Trust And Relationships As The Way To Improve Health Care

Trust And Relationships As The Way To Improve Health Care


Leonard Zwelling

Early in my fellowship on Capitol Hill, I was taught the four P’s of life in DC—policy, process, politics and personality—in ascending order of importance.

Every congressional office knew what it believed proper policy was. The policies of my Democratic heritage were not going to move the beliefs of the staffers in the office of the senior senator from Wyoming, a very conservative Republican.

The process by which things get done in DC is a combination of the Constitution, the rules of Congress, and tradition. Again, the ability to pass legislation will not depend upon anyone coming up with a new process to turn a bill into a law.

The politics are what they are and always have been, only worse now. No longer is there a Democrat right of a Republican or a Republican left of a Democrat. Things are pretty polarized in Washington. There are few in the center.

That means the entire government, the fate of the nation and the place of the United States in the world hinges on personality, or more specifically, on personalities or relationships between the members of Congress and the various personalities that constitute the executive branch of the federal government. Particularly one. The President. People matter and much of the gridlock in DC now is due to people in Congress not being able to get along with each other and no one doing much of a job establishing a working relationship with Mr. Trump.

These two articles that bookend the July 11 issue of The New England Journal of Medicine prove the point, for it is not only in government that relationships matter. They matter in medicine. Now more than ever.

The first article discusses the problem of under vaccination, particularly the deficit in measles vaccination that has plagued the country this year worse than in any other since the advent of the MMR vaccine. Sure everyone should be vaccinated unless there is a medical reason not to do so, but that is not the case. The government theoretically has a role in remedying the situation, but how? It is clear that a whole lot of mandates and financial penalties and barring unvaccinated kids from schools or public areas has not really conquered the problem. If anything, they may have made it worse. As the author, Dr. Julie D. Cantor makes clear, it is going to take the development of relationships between governmental health agencies and the anti-vaxxers to try to overcome what has become a serious public health problem. As Dr. Cantor says, “…force, whether economic or physical, does not educate, develop trust, or protect human dignity. And it will never be an antidote to fear.”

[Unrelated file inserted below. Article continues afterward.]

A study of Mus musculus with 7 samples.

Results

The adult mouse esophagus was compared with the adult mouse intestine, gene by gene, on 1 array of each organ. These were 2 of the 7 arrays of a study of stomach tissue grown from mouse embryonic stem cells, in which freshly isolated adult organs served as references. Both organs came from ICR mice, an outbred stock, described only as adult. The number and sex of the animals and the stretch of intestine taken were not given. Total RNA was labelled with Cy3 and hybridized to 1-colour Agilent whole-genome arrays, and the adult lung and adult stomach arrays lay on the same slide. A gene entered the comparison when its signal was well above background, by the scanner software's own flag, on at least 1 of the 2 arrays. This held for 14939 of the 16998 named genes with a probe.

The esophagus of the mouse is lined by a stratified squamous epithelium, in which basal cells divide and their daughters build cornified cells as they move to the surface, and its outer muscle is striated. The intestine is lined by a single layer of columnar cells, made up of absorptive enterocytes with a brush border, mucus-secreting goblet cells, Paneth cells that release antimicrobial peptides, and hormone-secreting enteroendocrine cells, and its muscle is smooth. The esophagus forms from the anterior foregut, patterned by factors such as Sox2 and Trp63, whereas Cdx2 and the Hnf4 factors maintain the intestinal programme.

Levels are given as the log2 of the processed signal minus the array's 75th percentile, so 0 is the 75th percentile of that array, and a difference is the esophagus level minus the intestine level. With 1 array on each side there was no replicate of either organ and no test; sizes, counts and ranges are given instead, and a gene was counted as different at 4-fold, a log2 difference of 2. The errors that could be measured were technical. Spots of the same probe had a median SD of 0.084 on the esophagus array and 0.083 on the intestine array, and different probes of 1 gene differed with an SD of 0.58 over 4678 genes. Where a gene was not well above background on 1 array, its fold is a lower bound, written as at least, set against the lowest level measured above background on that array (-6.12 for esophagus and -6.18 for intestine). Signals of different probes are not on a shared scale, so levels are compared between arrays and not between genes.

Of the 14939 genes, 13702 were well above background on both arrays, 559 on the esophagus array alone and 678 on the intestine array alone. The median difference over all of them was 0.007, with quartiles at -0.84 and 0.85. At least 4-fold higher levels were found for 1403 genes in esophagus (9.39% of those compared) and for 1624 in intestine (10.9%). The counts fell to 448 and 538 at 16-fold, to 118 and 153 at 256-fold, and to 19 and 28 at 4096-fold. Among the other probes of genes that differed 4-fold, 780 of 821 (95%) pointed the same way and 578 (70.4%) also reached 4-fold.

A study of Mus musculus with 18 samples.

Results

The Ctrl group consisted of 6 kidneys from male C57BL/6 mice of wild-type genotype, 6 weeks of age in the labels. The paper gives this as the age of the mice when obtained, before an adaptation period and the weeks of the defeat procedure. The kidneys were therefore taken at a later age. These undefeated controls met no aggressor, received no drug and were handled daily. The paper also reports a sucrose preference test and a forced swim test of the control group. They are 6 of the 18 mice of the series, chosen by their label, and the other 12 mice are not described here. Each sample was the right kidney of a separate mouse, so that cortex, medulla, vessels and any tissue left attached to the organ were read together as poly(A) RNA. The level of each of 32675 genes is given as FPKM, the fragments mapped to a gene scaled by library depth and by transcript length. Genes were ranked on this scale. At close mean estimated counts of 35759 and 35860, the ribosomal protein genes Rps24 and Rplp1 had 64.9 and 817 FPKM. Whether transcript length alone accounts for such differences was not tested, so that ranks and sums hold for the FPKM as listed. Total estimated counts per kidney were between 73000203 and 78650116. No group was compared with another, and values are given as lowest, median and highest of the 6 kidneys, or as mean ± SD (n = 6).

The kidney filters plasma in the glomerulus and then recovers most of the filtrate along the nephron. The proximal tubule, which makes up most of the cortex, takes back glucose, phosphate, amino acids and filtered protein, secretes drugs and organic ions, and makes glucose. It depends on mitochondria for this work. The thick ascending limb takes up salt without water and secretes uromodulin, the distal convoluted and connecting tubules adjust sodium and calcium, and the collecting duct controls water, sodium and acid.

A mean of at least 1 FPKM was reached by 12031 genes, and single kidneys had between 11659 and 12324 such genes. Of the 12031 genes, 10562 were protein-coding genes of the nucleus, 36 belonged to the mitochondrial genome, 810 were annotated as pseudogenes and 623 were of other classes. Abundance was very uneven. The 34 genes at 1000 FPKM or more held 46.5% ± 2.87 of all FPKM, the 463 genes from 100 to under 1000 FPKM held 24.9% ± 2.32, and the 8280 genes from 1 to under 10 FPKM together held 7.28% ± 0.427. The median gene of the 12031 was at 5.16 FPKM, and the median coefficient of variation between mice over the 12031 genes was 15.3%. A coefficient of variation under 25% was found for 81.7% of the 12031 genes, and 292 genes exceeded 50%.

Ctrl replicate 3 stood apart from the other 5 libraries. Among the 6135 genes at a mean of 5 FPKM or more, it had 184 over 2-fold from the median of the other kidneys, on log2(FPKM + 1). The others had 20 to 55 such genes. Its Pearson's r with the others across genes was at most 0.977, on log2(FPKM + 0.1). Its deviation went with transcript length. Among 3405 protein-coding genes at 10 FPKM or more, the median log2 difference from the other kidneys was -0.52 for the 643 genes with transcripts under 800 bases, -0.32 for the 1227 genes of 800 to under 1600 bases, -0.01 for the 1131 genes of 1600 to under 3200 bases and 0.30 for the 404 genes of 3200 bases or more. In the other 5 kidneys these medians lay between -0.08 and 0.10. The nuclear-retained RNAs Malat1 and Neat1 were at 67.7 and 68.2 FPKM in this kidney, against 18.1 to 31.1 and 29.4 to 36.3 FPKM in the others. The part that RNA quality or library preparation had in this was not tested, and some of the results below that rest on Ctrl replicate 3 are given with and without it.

Trust is also the topic of the second article. Drs. Richard J. Baron and Adam J. Berinsky note how so many of the dilemmas facing modern medicine come from a lack of trust between the providers of health care and the patients who depend upon them. Sure, medicine is more scientific than ever and based on much firmer “facts” than was the case even fifty years ago. But medicine has also become more corporate and depersonalized. The authors note that confidence in all institutions of American life has eroded. Medicine is no exception falling from 80% in 1975 to 37% in 2015. That translates to a lack of trust in people running medical institutions (60% in 1974 and 36% in 2016). Furthermore, fewer than half of American doctors own their own practices now. Doctors have moved from being small business owners to being workers for someone else.

Now combine that with the fact that people get their medical information from some truly dubious places now (e.g., the Internet) and there’s a real crisis of trust between doctors and patients.

That is one of the reasons this blog has urged the leadership of MD Anderson to clearly state why Asian faculty members were let go and who is responsible for what is clearly a decline in patient care surrounding the administration of blood.

If American medicine is ever going to right itself after many years of going down a series of wrong paths, it might best start by focusing like a laser on re-establishing trust with patients and communities.

It is this trust that is absent from the vaccine debate and that has led to all these new cases of measles. Well-meaning parents are making poor decisions because they don’t believe that the medical system or the government is acting in their best interests or those of their children. Patients are having doubts about what their doctors tell them. Why shouldn’t they? How many cases of self-serving pill pushers or “medical entrepreneurs” committing awful conflict of interest violations can the public be expected to tolerate and hold on to its belief in the system or in doctors?

Medicine’s brand is less than stellar. So is government’s. Both would be aided by the redevelopment of trust. Trust is based on relationships—in politics, in science, in medicine.